Breastfeeding Longer Reduces Ovarian Cancer Risks, Study Says

Breastfeeding Alone Could Save Lives And MoneyOvarian cancer accounts for about 4 percent of all cancers in women. It’s also the seventh most common cause of death by cancer in women. In fact, only about 45 percent of all women diagnosed live to see their fifth year of survival. This is largely due to the fact that, once symptoms arise, the cancer has already advanced to untreatable stages.

“As it is difficult to diagnose, treat and often has a poor prognosis, research into prevention strategies is essential to the health and well being of women all over the world,” Professor Colin Binns of Curtin University said in a statement to Medical Daily.

A better prevention strategy was exactly what Binns and his team of researchers had in mind when they conducted a study on ovarian cancer rates among breastfeeding women in China.

While previous research has indicated that ovarian cancer risks are lower in women that breastfeed, Binn and his team wondered if breastfeeding for longer periods of time would further decrease the risk. After gathering information on 493 incident ovarian cancer patients and 472 healthy participants from China’s Guangzhou province, researchers found that their theory was correct. In fact, their study results prompted a recommendation that mothers breastfeed their babies for at least 12 months to decrease their risk of ovarian cancer.

“We were able to effectively demonstrate that breastfeeding for 20 months would decrease the risk of ovarian cancer by 50 percent, and that the 20 months of breastfeeding could be spread over a number of children and still have the same effect,” the researchers said in their study.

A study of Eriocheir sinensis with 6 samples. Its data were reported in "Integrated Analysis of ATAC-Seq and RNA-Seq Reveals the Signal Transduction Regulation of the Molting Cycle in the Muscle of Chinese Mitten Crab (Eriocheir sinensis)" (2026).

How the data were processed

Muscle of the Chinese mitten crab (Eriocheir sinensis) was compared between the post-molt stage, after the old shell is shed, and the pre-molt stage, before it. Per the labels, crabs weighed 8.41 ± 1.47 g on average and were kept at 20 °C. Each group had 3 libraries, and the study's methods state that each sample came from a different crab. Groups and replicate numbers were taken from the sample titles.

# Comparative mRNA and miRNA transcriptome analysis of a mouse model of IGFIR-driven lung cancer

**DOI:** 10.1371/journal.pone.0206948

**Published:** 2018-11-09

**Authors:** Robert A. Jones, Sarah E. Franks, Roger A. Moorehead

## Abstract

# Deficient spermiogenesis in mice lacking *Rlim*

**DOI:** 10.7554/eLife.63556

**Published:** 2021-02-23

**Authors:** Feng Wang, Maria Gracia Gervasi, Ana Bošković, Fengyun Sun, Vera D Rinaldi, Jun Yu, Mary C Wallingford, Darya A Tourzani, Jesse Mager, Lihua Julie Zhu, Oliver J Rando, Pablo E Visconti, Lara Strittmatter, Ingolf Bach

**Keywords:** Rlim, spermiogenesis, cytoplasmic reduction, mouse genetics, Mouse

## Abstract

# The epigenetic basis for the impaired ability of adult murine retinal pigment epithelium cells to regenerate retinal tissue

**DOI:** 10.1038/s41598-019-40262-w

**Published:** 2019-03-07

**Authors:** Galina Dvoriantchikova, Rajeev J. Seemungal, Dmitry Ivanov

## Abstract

According to the authors on this study, cell mutations are increased by increased ovulation. However, because breastfeeding actually delays ovulation, it reduces the risk of developing ovarian cancer. Researchers also shared that there was a particular reason for using women from China from their study.

“The lower incidence of ovarian cancer in China suggests there are factors operating there to reduce the incidence which we wanted to explore. We also knew that Chinese women breastfeed for longer than women in the western world, so it was an ideal location,” Binn said. “The results of our study add further knowledge to the relatively limited amount of research from countries, such as China, with a low incidence of this disease and provides more details on the breastfeeding variables associated with reduced risk of ovarian cancer.”



Kate Givans is a wife and a mother of five—four sons (one with autism) and a daughter. She’s an advocate for breastfeeding, women’s rights, against domestic violence, and equality for all. When not writing—be it creating her next romance novel or here on Growing Your Baby—Kate can be found discussing humanitarian issues, animal rights, eco-awareness, food, parenting, and her favorite books and shows on Twitter or Facebook. Laundry is the bane of her existence, but armed with a cup of coffee, she sometimes she gets it done.